What can be more apropos during Halloween month than a trip to the Magic Capital of the World, which happens to be right in the Southwest Michigan town with the somewhat snickery name of Colon.
But you won't be laughing when you sign up for this bus tour of the town and environs, where there are more famous magicians and vaudevillians buried in the cemetery you'll visit than anywhere else in America. You'll be shivering with delight, in fact.
A bus tour featuring the “hot spots” of ghosts and magic will be held on Oct. 26, in this town that bills itself the Magic Capital of the World for good reason. For the past 75 years, magic has been synonymous with Colon.
Very few people in Michigan know it, but this town near the Indiana border has become world famous as the "Home of Hocus Pocus", where equipment and articles for magicians are manufactured for sale all over the universe, to amateur and professional magicians. For the past 75 years magic has been synonymous with Colon, and it's been featured on national TV programs, and is also famous for its annual magic festival, now taking up an entire week in August, and known as Magic Week.
There is no other cemetery in America that has 28 magicians and 13 vaudevillians buried in one place. You'll even take in a magic show and participate in a seance, and the trip even includes dinner.
You'll meet the bus in Three Rivers or in Detroit. Cost from Three Rivers is $50 per person and includes: Motorcoach, magic show, séance, meal. Advance registration is required. For those leaving from metro Detroit, the cost is $70 per person and the bus will depart from The Big Kmart, 12 Mile & John R, Madison Heights, directly under the sign at the tip of the parking lot, exactly at noon on Oct. 26.
3:30 P.M. – Bus departs Meijer, 800 S US Highway 131, Three Rivers. Cars can be left in the lot.
4 – 5:30 P.M. – Magic Show at FAB Magic, Colon featuring illusions and mind-reading, also called mentalism. Includes an explanation of Magic and why Colon was the magnet for magicians.
5:40 PM – 6:30 PM – Dinner at Dawn & Phil's Restaurant, Colon, including a talk about paranormal activity.
6 – 8 P.M. – Bus tour of Colon and the magician's homes led by “re-enactor Harry Blackstone.” The real Blackstone was one of the 20th century's most famous magicians (as was his son, Harry Jr.) and takes tour-goers throughout the city, including a tour of the Magic Cemetery that features a look at the graves of famous magician's and vaudevillians.
8– 10:30 PM – Séance held in the cemetery. Tour-goers can strategically place tape recorders at various locations in the cemetery to try to pick up EVP's – Electronic Voice Phenomena. Wear flat-sole shoes.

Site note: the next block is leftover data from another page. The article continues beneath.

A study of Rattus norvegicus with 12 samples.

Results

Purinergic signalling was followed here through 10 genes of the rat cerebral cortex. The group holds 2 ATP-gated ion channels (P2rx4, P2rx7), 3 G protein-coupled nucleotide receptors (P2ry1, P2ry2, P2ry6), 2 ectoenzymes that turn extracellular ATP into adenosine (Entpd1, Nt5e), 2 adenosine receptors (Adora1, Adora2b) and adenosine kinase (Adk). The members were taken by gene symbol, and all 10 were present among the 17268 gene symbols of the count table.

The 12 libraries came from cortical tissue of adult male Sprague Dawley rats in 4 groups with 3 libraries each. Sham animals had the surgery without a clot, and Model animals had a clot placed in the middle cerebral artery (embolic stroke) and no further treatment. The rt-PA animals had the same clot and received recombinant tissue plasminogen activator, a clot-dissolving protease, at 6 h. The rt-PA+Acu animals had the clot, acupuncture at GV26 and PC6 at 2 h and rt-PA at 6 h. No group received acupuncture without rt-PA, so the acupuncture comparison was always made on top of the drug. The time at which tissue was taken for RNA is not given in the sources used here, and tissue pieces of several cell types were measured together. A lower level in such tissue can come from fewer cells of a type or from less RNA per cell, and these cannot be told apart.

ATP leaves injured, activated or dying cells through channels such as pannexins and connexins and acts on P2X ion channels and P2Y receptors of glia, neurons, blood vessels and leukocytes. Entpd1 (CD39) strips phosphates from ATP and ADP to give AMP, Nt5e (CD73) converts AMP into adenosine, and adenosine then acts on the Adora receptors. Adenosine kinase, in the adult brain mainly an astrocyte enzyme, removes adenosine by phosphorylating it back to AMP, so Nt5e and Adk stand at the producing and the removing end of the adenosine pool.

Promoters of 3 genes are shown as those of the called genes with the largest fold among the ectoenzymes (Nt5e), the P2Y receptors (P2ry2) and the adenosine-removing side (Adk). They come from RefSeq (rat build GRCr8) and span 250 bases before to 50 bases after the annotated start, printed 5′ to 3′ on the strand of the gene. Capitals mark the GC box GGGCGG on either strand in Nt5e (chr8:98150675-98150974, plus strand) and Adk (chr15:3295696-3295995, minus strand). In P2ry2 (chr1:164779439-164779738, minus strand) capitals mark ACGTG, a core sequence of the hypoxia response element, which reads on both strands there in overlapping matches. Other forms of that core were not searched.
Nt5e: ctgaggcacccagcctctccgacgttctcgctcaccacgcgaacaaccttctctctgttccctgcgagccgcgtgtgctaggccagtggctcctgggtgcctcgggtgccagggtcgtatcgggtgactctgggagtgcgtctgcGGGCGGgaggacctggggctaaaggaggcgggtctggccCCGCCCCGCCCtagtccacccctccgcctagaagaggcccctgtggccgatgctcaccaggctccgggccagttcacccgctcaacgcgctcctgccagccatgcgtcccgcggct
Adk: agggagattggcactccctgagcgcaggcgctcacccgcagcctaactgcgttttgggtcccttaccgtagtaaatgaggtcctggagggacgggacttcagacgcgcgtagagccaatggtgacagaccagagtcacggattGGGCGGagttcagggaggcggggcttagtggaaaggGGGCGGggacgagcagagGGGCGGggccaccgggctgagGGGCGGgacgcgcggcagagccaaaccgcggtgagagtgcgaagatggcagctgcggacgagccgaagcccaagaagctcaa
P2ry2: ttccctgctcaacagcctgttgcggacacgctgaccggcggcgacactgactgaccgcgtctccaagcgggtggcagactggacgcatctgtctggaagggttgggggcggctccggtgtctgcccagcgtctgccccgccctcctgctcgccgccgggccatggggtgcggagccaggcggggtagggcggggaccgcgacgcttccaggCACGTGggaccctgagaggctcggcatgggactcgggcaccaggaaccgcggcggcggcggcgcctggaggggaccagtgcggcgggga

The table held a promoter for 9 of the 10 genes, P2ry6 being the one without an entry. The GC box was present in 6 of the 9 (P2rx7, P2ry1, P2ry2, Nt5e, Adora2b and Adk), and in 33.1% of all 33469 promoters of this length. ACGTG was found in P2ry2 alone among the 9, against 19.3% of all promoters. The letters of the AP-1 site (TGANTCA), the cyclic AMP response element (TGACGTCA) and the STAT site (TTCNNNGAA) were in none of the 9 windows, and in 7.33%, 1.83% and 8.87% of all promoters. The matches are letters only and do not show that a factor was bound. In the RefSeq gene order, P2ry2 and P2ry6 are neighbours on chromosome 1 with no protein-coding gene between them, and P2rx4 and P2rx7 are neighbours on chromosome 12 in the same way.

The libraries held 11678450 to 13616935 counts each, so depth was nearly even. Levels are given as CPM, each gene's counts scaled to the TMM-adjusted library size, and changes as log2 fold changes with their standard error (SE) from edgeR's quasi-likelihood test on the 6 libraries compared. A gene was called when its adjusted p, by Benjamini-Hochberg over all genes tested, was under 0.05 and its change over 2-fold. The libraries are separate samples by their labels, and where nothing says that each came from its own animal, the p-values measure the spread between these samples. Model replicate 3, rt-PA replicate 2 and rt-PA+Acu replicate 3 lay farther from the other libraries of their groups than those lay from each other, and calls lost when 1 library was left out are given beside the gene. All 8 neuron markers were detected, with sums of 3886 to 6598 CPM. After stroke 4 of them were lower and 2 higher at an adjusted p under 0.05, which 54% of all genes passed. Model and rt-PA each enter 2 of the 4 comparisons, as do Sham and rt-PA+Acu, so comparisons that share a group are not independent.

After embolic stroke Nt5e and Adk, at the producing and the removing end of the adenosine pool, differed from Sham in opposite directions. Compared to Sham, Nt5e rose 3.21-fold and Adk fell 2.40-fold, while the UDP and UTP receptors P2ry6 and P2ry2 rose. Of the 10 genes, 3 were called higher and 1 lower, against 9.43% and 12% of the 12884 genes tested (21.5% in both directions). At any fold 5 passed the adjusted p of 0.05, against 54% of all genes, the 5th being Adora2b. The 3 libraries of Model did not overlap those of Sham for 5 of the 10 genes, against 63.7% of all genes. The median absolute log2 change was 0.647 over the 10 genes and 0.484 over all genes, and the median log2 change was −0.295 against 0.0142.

10:40 PM – 11:40 PM – Drive by actual haunted homes in the county – for serious ghost hunters.
11:40 PM – Bus returns to parking lot at Meijer, 800 S US Highway 131, Three Rivers.
Stay overnight at the America's Best Value Inn & Suites, 1211 W Broadway, Three Rivers, 269.273.8100 at a special price of $65 per room and includes breakfast. Pets are welcomed but cannot be left in the room alone. To register directly with the hotel, use the code: Ghosts Oct.26, 2013 when you call.
October 27, 2013 Tour Schedule
Tour of three historic cemeteries is $35 per person and runs 10 A.M.-2 P.M. Board bus at 9:45 am.
A little history of the town: Colon's role in the world of magic began in 1925 when Harry Blackstone, the great magician and illusionist, bought property which is still known as Blackstone Island. Blackstone and his troupe would spend the summer there, designing their shows and perfecting their craft. Before Blackstone hit the road, he would open with a show in Hill's Opera House, a 600-seat auditorium. Though it was a dress rehearsal for Blackstone, it was a chance to see a legend for this town, population now about 1,200.
"For very serious ghost hunters, don’t laugh because I get this all the time, they will want to bring a film camera to capture the 'orbs', said Rose Szwed, owner of Step On The Bus Tours. "I can forthrightly say that there are spirits of dancers from what we think are the 1700s on the banks of the Mendon River.” Also, if you plan to use a tape record to capture EVPs, electric voice phenomenon, use a brand new tape. Finally, be sure to wear flat-soled shoes.”
This is the first time that this particular tour is being offered. Regular tours include Underground Railroad and Arts, Amish & Adventures. Contact Szwed: 248-459-0125 for more information, or go to http://steponbustours.com/2239.html.
And, lastly, yes, I bet you're wondering: Just how did the town get its name? One story has it that when town founders set about naming it, one pulled out a dictionary, randomly opened it and pointed to a word. And because the nearby St. Joseph River's twists supposedly reminded the namers of a, yup, colon, that's what was chosen. Then again, that story could be just "magical thinking."